New opportunities for the circular economy of water

KWR publication clarifies terminology and definitions of the circular economy of water

A consistent terminology and a clear description of strategies are needed if new circular opportunities are to be successfully exploited in the water sector. Hitherto, these have been lacking. The need has now been met by a recent publication by KWR experts Stefania Munaretto and Caro Mooren, and scientist Piero Morseletto of the VU Amsterdam.

Water attracts a great deal of attention in the circular economy. And rightly so. Water is a critical element for life and the world economy cannot do without it. But despite a growing body of research on the circular economy of water (CEW), a consistent terminology and a clear conceptualisation of strategies for water in the circular economy are lacking. The recent publication, Circular Economy of Water: Definition, Strategies and Challenges, has changed this. ‘An understanding of the circular economy of water and its implications is crucially important for the water sector,’ says Stefania Munaretto, one of the article’s authors. ‘It enables the exploitation of new opportunities in sustainable water management.’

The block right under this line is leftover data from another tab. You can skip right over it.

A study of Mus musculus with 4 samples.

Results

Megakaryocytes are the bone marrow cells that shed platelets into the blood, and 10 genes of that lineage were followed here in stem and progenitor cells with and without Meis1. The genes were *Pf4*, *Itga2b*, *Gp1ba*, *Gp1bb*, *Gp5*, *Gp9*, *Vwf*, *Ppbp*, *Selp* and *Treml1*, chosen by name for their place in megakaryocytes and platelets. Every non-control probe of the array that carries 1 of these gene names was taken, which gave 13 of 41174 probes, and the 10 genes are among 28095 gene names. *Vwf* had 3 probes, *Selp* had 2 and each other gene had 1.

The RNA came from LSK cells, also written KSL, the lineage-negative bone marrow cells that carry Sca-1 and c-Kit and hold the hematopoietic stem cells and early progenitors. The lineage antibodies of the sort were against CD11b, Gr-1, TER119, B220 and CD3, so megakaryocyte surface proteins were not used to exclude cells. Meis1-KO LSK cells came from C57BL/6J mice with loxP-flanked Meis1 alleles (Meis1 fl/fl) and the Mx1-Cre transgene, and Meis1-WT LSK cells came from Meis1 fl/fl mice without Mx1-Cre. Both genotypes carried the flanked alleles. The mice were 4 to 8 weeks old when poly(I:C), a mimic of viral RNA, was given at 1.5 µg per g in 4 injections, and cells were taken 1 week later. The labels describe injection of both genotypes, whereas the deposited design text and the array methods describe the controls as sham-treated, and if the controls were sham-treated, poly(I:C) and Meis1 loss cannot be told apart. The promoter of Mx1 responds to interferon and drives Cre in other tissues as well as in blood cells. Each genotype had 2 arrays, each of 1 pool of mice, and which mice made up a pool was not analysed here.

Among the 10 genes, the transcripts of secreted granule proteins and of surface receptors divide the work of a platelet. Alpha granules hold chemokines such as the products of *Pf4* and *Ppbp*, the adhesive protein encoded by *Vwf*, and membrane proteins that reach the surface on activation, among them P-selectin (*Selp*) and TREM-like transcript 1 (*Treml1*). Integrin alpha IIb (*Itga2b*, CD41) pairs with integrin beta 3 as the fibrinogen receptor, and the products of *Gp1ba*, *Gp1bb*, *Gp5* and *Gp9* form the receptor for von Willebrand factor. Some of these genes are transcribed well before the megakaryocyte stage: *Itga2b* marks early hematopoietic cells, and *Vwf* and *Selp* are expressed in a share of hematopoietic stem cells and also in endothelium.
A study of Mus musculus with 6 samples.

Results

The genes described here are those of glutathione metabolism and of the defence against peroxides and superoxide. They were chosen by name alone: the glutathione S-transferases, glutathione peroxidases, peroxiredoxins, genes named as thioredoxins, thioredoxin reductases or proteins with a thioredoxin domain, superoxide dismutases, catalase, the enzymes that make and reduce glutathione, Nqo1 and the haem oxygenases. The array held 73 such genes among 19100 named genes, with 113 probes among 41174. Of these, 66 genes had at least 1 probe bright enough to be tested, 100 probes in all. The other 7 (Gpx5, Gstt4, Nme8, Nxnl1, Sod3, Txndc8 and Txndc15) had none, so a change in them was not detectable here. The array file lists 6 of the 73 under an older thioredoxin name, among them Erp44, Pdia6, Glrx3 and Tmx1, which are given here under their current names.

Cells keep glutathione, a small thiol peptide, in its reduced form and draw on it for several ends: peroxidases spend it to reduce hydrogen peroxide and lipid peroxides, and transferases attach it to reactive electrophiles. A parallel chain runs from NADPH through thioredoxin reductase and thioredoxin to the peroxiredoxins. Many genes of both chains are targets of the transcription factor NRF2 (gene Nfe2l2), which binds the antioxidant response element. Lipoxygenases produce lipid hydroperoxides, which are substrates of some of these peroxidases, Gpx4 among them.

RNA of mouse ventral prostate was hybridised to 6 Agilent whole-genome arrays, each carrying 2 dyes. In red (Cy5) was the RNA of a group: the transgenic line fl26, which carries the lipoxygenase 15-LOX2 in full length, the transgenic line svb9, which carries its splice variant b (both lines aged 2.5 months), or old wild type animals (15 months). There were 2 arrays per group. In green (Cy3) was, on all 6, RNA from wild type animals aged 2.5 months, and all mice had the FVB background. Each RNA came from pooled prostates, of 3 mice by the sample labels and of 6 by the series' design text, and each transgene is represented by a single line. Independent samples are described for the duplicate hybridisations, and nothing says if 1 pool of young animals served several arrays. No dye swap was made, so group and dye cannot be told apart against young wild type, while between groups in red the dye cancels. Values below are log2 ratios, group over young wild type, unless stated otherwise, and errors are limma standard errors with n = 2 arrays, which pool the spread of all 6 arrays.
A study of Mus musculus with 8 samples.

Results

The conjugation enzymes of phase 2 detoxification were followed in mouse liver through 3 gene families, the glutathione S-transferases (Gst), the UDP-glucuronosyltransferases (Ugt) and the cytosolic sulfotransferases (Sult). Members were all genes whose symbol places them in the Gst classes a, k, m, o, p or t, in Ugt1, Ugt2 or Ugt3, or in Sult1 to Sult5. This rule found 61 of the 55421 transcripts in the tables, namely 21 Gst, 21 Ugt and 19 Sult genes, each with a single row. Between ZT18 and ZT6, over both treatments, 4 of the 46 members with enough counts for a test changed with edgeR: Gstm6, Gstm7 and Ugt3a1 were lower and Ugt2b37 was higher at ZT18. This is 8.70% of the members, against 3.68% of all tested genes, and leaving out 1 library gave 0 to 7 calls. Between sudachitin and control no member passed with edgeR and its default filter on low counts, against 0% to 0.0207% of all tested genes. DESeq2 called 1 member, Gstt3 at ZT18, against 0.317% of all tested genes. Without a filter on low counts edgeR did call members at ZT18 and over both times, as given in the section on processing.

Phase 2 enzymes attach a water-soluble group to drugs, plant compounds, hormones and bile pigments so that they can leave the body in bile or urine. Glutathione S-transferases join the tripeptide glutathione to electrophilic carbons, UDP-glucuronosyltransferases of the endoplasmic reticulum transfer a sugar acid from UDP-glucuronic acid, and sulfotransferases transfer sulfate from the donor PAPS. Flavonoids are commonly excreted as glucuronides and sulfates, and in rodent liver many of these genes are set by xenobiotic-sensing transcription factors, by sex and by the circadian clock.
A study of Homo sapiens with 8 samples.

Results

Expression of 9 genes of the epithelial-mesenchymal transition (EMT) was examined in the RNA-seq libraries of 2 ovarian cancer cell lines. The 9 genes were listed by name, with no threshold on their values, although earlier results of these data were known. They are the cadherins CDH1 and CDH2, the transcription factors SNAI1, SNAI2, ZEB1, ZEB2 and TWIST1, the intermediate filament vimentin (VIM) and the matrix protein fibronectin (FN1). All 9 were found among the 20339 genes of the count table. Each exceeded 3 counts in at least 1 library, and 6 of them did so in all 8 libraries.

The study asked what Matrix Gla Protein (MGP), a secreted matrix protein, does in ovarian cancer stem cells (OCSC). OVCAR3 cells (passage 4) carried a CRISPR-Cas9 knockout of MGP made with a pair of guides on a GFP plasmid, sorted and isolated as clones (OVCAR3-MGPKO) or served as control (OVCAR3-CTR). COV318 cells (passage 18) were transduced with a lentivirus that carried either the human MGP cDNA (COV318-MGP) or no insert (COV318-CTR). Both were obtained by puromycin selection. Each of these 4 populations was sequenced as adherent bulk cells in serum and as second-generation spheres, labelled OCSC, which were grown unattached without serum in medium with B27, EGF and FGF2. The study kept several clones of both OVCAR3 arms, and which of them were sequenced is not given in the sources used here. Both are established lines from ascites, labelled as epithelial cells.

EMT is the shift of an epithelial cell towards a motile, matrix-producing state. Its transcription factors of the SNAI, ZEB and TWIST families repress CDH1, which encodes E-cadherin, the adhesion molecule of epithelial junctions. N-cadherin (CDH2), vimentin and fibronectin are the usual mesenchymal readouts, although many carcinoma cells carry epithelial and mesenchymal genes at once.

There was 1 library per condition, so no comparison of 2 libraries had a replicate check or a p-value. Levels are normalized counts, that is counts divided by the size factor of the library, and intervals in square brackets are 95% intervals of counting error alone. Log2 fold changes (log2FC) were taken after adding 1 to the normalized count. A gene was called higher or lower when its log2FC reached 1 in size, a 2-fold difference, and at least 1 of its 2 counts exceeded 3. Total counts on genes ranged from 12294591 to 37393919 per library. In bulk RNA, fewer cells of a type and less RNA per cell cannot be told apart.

WiCE and NextGen

The article draws on case studies from Water in the Circular Economy (WiCE), a joint research programme of KWR and the water utilities, and from European NextGen projects, which are aimed at demonstrating innovative technological, business and governance solutions for water in the circular economy.

Nine strategies

Building on examples from the cases studies and an analysis of the scientific literature, the authors outline a set of nine strategies to bring about a CEW: Rethink, Avoid, Reduce, Replace, Reuse, Recycle, Cascade, Store and Recover. They also direct their attention to challenges in the areas of legislation, governance and implementation associated with this transition.

Circular economy of water definition

The article highlights the unique position of water. As a resource, a product or a service, water has no equivalent in the economic system. ‘For this reason, we need to refresh strategies for the circular economy, to have them reflect these properties of water,’ says Piero Morseletto from the VU Amsterdam, the article’s principal author. ‘Moreover, there was no robust definition of the circular economy for water. This research offered a great opportunity to share thinking about this with highly knowledgeable colleagues from KWR and the water sector.’

From all of the insights they collected, the researchers distilled the following definition of the CEW as an:

‘economic framework for reducing, preserving and optimising the use of water through waste avoidance, efficient utilisation and quality retention, while ensuring environmental protection and conservation.’

Quite a mouthful, which indicates how complex and wide-ranging this material is. ‘A shared understanding of the circular economy of water and the associated strategies reduces misunderstanding,’ says co-author Caro Mooren. ‘And it facilitates collaboration between policy-makers, professionals and scientists working on circular solutions. It brings us a step closer to a sustainable society.’